Emma Cunningham - 2016 Program Participant
What inspired you to go abroad?
Back home in Chicago, I managed to create a glamorous life filled with expensive clothes, fancy dinners, limos, huge yachts and private jets. One morning, I found myself at 5-star hotel, eating room service, staring out at the window at my gorgeous city skyline thinking about how painfully miserable I was. I spent years trying to fit into some superficial mold and couldn’t remember who I was before the world told me who I needed to be. I needed something different.
The most jaw dropping place I’ve ever been to - Jogyesa Buddhist Temple in Seoul
A few weeks later, I met a friend of a friend who had just gotten back from his own teaching excursion and I couldn't stop talking to him about his experience and then a light went on in my head. "This is what I'm looking for!" With not a word of Korean and no legitimate plan, I pared my possessions down to almost nothing, quit my job, and said goodbye to the picturesque life I carefully created for myself, because in my heart, I wanted and needed something different. I couldn't be happier with my decision.
Why did you decide to teach abroad?
English and writing have always been areas I excelled in. After graduating with a journalism degree, I wanted to put my skills towards something that made a difference, and not just chase after depressing stories that you see on the news lately. Teaching English seemed like the perfect fit!
What is your favorite part about living in South Korea?
The fact that South Korea is such a strange and unusual culture makes every hour here an adventure. The culture shock will never subside, and I love that. I grew up in a small Chicago suburb and things got boring VERY quickly for my friends and I. Walking down the street here is entertaining because you never know what you'll see.
Lost in translation at Myeongdong Market during my first week in Korea
What makes English teaching in South Korea unique?
Most of my friends went and studied abroad in Italy or Spain during college. While I'm sure it was amazing for them, I can't help but think it's a little played out nowadays. Every sorority girl now claims to have this serious case of "wanderlust" because they drank pinot in Florence on daddy's dime for three months. I'm living and actually working 7,000 miles away from home, in authentic South Korea of all places, with 10 more months to go. I'm by myself and barely any English is spoken here. It's definitely a more intense experience.
How have the local staff at your school supported you?
The director of my school does everything she can to make me feel comfortable here in South Korea. She has almost become like my mother here! She took me to the doctor when I got sick and sometimes helps me grocery shop since I can't read Korean.
What's one thing you wish you would have done differently?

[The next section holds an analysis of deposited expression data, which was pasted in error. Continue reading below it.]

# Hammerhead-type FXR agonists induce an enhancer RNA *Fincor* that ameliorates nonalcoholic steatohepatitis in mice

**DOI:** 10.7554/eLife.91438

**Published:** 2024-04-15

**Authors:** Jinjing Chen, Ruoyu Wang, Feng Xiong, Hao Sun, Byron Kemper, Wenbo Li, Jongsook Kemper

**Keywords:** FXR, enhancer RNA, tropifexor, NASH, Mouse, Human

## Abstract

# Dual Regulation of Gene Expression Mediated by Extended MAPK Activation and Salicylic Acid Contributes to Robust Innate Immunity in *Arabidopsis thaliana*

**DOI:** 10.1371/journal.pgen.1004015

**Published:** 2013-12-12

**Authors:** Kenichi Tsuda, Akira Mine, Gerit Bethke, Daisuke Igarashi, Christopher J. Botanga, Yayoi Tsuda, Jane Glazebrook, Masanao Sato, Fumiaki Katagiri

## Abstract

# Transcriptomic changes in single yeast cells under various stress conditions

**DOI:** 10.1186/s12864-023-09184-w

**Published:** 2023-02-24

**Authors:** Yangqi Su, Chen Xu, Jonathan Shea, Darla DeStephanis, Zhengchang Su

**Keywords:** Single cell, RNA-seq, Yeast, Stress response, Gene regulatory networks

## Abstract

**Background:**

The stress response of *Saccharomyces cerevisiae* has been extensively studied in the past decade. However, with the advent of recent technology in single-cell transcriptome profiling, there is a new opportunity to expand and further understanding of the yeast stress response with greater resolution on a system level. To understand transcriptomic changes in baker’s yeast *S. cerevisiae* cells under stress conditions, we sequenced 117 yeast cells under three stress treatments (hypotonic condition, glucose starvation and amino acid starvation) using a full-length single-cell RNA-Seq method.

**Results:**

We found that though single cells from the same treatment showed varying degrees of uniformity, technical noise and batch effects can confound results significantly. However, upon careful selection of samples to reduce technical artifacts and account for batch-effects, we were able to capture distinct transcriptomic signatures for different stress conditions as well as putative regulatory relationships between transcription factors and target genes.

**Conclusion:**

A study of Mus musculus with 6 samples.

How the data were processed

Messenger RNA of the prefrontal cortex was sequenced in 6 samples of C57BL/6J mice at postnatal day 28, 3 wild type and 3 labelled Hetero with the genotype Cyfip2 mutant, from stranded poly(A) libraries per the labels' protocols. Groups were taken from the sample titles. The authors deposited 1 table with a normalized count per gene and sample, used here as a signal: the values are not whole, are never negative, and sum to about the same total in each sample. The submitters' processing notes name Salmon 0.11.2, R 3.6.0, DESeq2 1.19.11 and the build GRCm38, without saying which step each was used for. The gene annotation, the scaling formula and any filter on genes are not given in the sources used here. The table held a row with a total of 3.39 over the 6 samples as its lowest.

I wish I would have had moved to Korea and began teaching right after I graduated college. I would have a lot more experience under my belt by now, which would make me more marketable for a job in another country like Dubai or Kuwait. Teaching jobs there pay extremely well. But there's no reason to dwell on the past! I am here now and enjoying every minute of it!
Describe your typical day in South Korea.
That's a hard question to answer. Korea is a culture where things change CONSTANTLY. I never know what kind of day lays ahead of me when I wake up and head to work. My schedule and duties could be the complete opposite of what they were the day before. But to sum it up, I do a lot of dancing to the ABC's and deal with 5-year-olds screaming in a different language.
My adorable kindergarteners! I had to learn each and every one of their names by my second day of work!
What do you enjoy doing in your free time?
Flight shopping! I'm always on the hunt for a cheap flight and thinking of where to head next during my vacation time. Manila, Hong Kong, and Taipei are my itinerary at the moment!
What is your housing like? What do you like best about it?
I love my apartment here in Korea! The floors are heated, which is wonderful in the winter months. I also am very close to the Han River, where I like to go on runs. I'm also close to a subway stop, which is my ticket to exploring this fascinating city.
What is one thing every individual should know before teaching broad?
Prepare to work! Teaching English abroad is no vacation, and if you come here thinking that, you're in for a rude awakening. I work anywhere from 10 to 14 hour days, sometimes with only one 20 minute break. Koreans work very hard and they expect you to do the same. Weekends and holidays will be your only free time.
Now that you're home, how has your program abroad impacted your life?
I'm still here in Korea! And there's no way I'm going home any time soon!
Stopped to ask this temple palace guard how I can earn street cred as authentic as his.
Would you recommend teaching abroad to others? Why?
One hundred percent! Living and working in another country will change you in ways you would never imagine. You will stuff your eyes with wonder and form your own opinion of the world. You will have countless adventures, gain serious wisdom, and lose any ounce of fear you thought you may have had.